HERSHEY, Pa. — Jeff Baxter, famed guitarist from the Doobie Brothers and Steely Dan, converted his love and understanding of music to help the highest levels of the Defense Department to new ways of the keeping the country safe.
Baxter, who currently serves as chairman of the Civilian Advisory Board for Ballistic Missile Defense, explained to attendees of the Pennsylvania Credit Union Association CONNECT Conference on Friday how he made the leap and, using asymmetrical thinking, credit unions can find success, too.
He joked that credibility was hard among his friends in the music business, much less among defense specialists.
He described his first encounter at Lockheed Martin, which included a highly dumbed-down explanation of the project they were considering him for. Baxter listened patiently while sitting back in his Grateful Dead T-shirt until the presentation was completed.
He then proceeded to ask several highly technical questions the Lockheed Martin executives apparently weren’t prepared to hear from a rock star. Finally they got down to business.
Baxter’s first piece of advice: In a negotiation, always put yourself in a situation where you’re underestimated.
Baxter noted that people, even some of the most conservative members of Congress, really appreciate his outsider’s point of view.
Baxter advised that people trust their gut feeling more. He recently retired after 15 years with the Los Angeles Police Department, and the officers use an acronym there, JDLR meaning something “just doesn’t look right.”
He said he believes the environment and the media among other things keep people from trusting themselves as much as they should.
That’s what improvisation and creativity in crisis is all about, whether on the battlefield or in business. But it’s within a framework.
Baxter used the example of an orchestra in which the conductor can impose his personal impression on the music but he’s still playing from a written piece of music. He noted that nearly every physicist he’d ever met was a musician.
Jazz improvisation is similar and it’s not as hard as it looks. “It’s very simple,” he said. “It just doesn’t look simple. Jazz is based on strong set of rules. The concept of jazz is based on a theme, a melody. Each musician then steps out from the band and begins to improvise.”
The trumpet player plays his rendition of the same music, and then the saxophone and so on. Finally, they conclude with the original theme.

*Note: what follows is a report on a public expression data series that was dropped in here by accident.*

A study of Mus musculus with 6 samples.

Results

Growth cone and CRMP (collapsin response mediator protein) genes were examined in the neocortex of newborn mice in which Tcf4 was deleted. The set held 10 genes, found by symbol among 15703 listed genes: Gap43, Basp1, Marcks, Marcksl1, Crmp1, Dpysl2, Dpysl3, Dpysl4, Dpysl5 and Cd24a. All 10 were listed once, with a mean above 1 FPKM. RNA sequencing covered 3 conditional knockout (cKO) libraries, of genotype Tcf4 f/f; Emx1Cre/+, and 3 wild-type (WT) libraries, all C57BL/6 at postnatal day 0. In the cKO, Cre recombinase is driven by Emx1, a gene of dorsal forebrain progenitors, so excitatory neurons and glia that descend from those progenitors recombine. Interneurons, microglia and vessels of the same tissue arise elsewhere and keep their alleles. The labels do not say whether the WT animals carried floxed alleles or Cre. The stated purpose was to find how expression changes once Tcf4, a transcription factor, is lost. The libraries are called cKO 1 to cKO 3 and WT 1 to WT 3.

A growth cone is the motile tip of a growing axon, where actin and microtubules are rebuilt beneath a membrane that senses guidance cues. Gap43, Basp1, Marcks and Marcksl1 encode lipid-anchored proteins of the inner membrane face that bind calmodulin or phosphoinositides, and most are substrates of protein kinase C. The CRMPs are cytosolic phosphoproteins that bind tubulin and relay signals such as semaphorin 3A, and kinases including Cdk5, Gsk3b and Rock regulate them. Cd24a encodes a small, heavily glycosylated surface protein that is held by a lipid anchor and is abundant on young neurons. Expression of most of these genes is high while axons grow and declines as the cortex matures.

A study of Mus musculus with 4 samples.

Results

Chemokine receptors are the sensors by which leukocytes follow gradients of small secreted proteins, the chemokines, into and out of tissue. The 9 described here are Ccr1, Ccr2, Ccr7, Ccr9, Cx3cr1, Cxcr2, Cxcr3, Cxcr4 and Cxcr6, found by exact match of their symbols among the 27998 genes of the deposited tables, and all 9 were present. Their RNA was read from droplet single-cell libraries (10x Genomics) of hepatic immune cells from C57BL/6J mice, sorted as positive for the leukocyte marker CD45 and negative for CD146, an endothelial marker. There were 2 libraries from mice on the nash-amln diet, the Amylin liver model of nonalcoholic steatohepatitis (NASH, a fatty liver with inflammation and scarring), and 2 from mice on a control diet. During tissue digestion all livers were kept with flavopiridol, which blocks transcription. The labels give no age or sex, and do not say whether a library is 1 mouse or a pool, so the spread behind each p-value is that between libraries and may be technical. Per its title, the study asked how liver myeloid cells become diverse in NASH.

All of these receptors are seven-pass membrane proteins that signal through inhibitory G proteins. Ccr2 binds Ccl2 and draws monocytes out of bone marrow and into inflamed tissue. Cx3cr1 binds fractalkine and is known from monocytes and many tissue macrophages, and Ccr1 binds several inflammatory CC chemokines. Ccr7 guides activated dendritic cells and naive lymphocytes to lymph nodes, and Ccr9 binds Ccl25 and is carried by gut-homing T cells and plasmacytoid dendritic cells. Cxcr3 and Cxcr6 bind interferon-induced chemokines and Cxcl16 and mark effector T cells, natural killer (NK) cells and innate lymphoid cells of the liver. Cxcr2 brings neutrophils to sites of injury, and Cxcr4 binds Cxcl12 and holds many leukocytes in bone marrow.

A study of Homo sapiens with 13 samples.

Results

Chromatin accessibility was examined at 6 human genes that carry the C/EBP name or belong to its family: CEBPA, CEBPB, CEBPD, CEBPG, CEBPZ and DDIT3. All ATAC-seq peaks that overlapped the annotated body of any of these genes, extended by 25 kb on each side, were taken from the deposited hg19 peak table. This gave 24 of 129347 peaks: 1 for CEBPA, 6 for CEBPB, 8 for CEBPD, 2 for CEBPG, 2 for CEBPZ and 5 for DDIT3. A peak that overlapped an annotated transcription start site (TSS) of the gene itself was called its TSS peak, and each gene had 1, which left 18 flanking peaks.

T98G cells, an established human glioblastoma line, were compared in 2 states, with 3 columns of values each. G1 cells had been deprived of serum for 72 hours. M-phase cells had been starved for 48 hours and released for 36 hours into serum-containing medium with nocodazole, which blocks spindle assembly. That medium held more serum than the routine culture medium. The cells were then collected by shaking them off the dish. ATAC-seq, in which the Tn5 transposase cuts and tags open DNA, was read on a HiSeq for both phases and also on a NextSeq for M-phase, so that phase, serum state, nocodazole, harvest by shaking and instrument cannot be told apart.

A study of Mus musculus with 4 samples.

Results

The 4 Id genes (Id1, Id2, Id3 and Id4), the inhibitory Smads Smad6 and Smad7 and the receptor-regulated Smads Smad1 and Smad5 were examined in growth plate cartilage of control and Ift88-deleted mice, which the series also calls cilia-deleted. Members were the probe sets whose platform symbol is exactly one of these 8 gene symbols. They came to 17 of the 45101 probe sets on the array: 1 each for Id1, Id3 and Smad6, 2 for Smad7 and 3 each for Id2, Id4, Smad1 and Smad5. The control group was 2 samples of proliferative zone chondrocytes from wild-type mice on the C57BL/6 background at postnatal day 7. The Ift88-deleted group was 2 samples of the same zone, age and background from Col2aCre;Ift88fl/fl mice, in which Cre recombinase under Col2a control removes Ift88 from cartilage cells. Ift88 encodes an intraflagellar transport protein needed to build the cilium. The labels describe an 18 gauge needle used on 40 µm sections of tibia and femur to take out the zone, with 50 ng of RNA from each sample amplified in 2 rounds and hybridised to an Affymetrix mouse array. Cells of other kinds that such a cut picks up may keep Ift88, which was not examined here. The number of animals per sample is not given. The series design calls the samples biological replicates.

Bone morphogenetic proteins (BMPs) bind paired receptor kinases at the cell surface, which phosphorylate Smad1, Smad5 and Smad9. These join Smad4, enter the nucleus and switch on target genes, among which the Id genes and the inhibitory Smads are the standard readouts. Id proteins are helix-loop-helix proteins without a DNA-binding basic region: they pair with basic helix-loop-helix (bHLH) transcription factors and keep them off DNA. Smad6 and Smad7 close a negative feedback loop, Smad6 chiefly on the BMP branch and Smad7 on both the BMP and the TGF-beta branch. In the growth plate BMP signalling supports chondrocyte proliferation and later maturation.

“Each musician was doing an analysis of the product,” Baxter said, drawing the parallel. Not everyone is a musician, but we’ve all improvised in other areas, he pointed out.
By breaking down anything to its most basic elements, you can tweak different pieces and improvise a masterpiece, according to Baxter. That’s how he came to understand the connection between music and science. For example, the A string on his guitar vibrates 440 time per second, he said. However, when you multiply that frequency by a certain equation, the eyes pick up the vibrations as green.
It all starts with the preparation framework.
Be 110% prepared, Baxter recommended, and if you are, the other side will lose the intellectual argument. The other side often devolves into personal attacks and everyone will recognize that.
Baxter strongly recommended reading the book, Boyd, The Fighter Pilot Who Changed the Art of War, which is about John Boyd who drastically changed the way pilots fly and do battle in the air.
Essentially, Baxter said, “Take what we know and make it into something different.” Take what credit unions have known about banking over the past several decades, break it down to its elements and apply the current economic and financial conditions, including globalization.
Making another analogy to science, Baxter remarked, “War and diplomacy are basically the same thing; they’re just different states like ice, water and steam.”
He added, “We are always in conflict with our fellow man,” whether it’s negotiating a business deal or war or diplomacy.”
The Art of War, he said, is “something you definitely need to read.”